Yes, you can list your business products on their own pages on LinkedIn. In fact, there are over 90,000 product listings now active in the app.
First off, on LinkedIn’s new job search filters – in order to better align with the way that people are searching for their next role, LinkedIn will soon test new job listing categories, based on location, company, role flexibility and more.
As you can see in this example, LinkedIn’s job categories will split advertised roles into different, trend-aligned segments, to help you discover more opportunities aligned with different interests.
“We often hear from professionals that they would like to discover and explore new career opportunities, even if they are not actively pursuing another job. We’ve seen an increase in members who are ‘casually’ exploring job opportunities, especially ones that align more with their values and preferences (e.g. work-life balance, flexible work arrangements, up-skilling and career growth). To help professionals discover what’s possible for them, we are testing a new showcase of personalized job collections that don’t require members to articulate their needs in a search box.”
It could be a good way to find new ways to advance or shift your career, which, as LinkedIn notes, has become an increasing focus for many professionals.
LinkedIn says that it will begin testing these new job category listings ‘with a few industries and collections in the US’, with plans to expand quickly from there.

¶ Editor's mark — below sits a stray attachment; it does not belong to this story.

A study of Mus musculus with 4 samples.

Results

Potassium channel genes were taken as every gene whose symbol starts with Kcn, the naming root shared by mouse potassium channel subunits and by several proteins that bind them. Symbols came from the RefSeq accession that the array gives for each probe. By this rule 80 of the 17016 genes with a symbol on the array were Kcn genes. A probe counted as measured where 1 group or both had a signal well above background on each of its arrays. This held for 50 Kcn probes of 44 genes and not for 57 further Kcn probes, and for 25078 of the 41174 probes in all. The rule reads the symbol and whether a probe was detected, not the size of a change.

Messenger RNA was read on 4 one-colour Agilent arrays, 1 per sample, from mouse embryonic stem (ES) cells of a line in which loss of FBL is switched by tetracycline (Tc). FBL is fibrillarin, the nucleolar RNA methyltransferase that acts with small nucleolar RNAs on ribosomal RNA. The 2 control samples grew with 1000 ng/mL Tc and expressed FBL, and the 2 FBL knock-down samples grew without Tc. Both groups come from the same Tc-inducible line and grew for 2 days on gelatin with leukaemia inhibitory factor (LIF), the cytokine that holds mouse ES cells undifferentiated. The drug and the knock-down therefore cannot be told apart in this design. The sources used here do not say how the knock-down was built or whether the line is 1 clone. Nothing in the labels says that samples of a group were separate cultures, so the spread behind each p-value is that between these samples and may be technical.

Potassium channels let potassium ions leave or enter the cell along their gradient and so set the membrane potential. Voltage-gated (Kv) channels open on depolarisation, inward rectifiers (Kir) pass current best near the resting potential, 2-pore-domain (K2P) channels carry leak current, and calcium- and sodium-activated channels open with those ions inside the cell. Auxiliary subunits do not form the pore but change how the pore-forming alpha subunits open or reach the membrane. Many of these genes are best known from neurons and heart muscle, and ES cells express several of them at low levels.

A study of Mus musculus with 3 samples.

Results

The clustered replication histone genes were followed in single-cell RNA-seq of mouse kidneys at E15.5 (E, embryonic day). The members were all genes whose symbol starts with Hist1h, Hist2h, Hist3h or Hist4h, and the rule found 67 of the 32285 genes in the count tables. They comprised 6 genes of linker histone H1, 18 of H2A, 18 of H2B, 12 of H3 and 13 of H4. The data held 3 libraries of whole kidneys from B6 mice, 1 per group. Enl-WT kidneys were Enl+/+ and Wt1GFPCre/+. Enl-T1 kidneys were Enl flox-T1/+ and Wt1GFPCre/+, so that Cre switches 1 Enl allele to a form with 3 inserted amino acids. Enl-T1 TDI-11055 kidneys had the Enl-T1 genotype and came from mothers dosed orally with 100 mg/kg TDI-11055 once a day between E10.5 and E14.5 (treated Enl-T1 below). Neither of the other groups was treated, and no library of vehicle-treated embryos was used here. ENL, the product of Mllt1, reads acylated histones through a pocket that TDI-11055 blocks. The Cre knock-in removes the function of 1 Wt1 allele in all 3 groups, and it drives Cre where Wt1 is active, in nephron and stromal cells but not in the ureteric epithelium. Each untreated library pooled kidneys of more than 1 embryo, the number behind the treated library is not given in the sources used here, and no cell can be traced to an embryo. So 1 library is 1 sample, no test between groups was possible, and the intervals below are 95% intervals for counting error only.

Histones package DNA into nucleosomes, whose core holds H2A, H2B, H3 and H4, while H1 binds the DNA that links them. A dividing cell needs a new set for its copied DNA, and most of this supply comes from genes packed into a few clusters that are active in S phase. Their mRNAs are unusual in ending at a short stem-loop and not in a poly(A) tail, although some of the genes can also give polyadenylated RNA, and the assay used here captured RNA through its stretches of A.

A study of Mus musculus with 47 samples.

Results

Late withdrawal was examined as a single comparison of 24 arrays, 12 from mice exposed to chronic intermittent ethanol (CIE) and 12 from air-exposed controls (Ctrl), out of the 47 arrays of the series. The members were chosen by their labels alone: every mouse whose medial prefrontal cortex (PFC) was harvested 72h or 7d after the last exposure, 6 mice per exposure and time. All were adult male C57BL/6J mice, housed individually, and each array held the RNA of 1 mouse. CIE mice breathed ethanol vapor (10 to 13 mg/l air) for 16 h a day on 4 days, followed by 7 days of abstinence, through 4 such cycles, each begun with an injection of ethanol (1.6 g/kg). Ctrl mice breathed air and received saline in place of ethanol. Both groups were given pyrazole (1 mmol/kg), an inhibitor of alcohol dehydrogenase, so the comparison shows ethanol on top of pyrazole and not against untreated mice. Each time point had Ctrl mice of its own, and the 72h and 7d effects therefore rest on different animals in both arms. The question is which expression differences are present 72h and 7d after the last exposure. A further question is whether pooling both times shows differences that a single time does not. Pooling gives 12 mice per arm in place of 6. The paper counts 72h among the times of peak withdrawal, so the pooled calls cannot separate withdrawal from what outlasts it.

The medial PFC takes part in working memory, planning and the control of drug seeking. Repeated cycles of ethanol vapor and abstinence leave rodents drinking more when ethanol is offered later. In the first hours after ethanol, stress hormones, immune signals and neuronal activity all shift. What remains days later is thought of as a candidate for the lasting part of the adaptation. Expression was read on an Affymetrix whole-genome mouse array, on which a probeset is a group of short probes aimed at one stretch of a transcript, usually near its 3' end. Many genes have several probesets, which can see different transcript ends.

LinkedIn’s also looking to add new category filters for its product listings in the app, providing more discovery potential for its B2B product pages, which it first launched back in 2020.
As noted, with tens of thousands of products now listed, LinkedIn’s hoping to build on its product search capacity, in order to expand usage of the app.
Which could provide new revenue-generation opportunities, both for brands and for LinkedIn itself, and it’ll be interesting to see whether product search does indeed become a bigger element of the LinkedIn experience.
These are just some of the changes that LinkedIn’s planning to roll out in 2023, as it continues to build on its position as the professional social network, and the place to be to discuss career and work opportunities.
And as more users consider exiting Twitter, amid uncertainty about the platform’s future, LinkedIn could end up being a beneficiary, with many professional discussions potentially shifting there instead.
I mean, LinkedIn doesn’t offer the real-time engagement of Twitter, but it does have various options for audio and video events, which could replace Twitter chats and the like.
Maybe. There’s still some way to go before we understand where exactly Twitter is headed.